Derbyshire Fire & Rescue Service is providing advice and reassurance to people who are concerned about fire safety following this morning’s fire at Grenfell Tower in London.
Area Manager Alex Johnson who is responsible for community safety in Derbyshire said:
“We are truly devastated to hear of the fire at Grenfell Tower and our thoughts are with everyone affected by the tragedy and also our emergency service colleagues dealing with such a devastating and complex incident.
“It would be wrong to speculate about the cause of the fire until a full investigation has been carried out.
“Thankfully fires of this type are rare, however such an incident does cause alarm and raise concerns with people living in similar buildings.
“High-rise buildings are designed to resist fire, stop the spread of smoke and provide a safe means of escape. Most fires don’t spread more than one or two rooms.
“I would like to assure everybody that Derbyshire Fire & Rescue Service carries out regular inspections of blocks of flats, including Rivermead House, the only high-rise building in Derbyshire, owned and managed by Derby City Council and Derby Homes, which fully complies with current fire safety regulations.
“It is essential that people know what to do in the event of a fire so that they can protect themselves and their families. This is particularly important for the more vulnerable members of our communities, such as the over 60’s and people with mobility issues.”
Blocks of flats will have their own fire plan and occupants should make themselves aware of the specific advice that relates to the building in which they live. If there is a fire inside your flat our advice is to alert all the people in your flat and leave, closing doors behind you. You should follow your escape plan and if there is lots of smoke, crawl along the floor where the air should be clearer. Always use the stairs rather than the lift and call 999 as soon as you are in a safe place.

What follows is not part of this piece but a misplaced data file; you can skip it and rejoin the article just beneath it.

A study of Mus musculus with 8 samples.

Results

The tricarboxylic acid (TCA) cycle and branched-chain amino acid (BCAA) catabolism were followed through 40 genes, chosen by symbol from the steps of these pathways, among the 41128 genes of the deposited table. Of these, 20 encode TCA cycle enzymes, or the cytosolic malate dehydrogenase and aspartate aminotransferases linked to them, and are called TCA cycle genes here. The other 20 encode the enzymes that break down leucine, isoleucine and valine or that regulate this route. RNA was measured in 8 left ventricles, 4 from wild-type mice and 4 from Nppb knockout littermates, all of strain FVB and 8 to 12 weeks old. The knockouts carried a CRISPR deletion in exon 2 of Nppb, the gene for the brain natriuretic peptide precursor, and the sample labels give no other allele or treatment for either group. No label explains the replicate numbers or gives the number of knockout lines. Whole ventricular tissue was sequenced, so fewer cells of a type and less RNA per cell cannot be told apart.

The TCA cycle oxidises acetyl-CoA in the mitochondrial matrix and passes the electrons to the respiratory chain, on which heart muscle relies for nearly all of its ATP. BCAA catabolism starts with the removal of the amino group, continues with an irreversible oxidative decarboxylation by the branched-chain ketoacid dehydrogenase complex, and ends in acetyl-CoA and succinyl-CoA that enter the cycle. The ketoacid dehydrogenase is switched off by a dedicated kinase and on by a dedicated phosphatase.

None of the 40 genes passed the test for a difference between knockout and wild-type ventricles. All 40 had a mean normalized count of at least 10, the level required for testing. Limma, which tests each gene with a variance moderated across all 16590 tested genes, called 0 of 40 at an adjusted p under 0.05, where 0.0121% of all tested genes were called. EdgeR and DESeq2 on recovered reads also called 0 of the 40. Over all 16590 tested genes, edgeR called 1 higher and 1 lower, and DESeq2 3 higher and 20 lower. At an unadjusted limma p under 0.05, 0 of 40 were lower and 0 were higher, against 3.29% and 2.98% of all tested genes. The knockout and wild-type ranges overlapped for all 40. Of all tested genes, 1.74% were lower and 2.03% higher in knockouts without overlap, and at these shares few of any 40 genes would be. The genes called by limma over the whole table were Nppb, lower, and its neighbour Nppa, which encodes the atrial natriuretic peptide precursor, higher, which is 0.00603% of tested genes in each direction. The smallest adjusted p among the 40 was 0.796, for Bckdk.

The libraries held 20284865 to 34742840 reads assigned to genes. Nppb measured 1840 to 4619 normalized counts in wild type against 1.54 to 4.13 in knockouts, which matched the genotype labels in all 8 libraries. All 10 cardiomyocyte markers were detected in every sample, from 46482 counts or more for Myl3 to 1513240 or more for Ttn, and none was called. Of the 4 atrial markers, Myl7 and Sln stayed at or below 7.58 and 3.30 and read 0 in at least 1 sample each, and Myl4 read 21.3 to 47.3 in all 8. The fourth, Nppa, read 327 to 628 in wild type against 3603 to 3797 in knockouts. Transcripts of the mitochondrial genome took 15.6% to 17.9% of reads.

If there is a fire elsewhere in the building, then the structure of your flat – walls, floors and doors are designed to give you a minimum of 30-60 minutes’ protection from a fire. If there is a fire in your building, but not inside your own home, then you are usually safer to say in your flat unless the heat or smoke from the fire is affecting you. If you stay put, you should still call 999.
Councillor Fareed Hussain, Cabinet Member for Urban Renewal, said:
“This is a very tragic event and our thoughts are with everyone affected.
“It is very understandable if residents are concerned about their own properties.
“Our organisations would like to reassure residents that fire safety precautions are given the highest priority across all of the properties we manage.
“All blocks of flats have Fire Risk assessments in place and are subject to regular inspection and review.
“Rivermead House, our only high rise block, fully complies with current fire safety regulations. The construction of the block is designed to prevent the spread of fire between flats and between floors.
“Each flat is designed as a self-contained fire resisting compartment that will contain a fire and limit its spread.
“The building has a comprehensive fire detection system that will alert the Fire Service to a fire in the common areas and each flat has its own fire detection. These systems are routinely tested and serviced. In the unlikely event that residents need to leave the building due to fire, the block has two independent fire protected escape routes.”
Derbyshire Fire & Rescue Service will have fire safety experts on hand tomorrow morning at Rivermead House between 11.30am – 12.30pm hours to answer questions and provide reassurance to residents.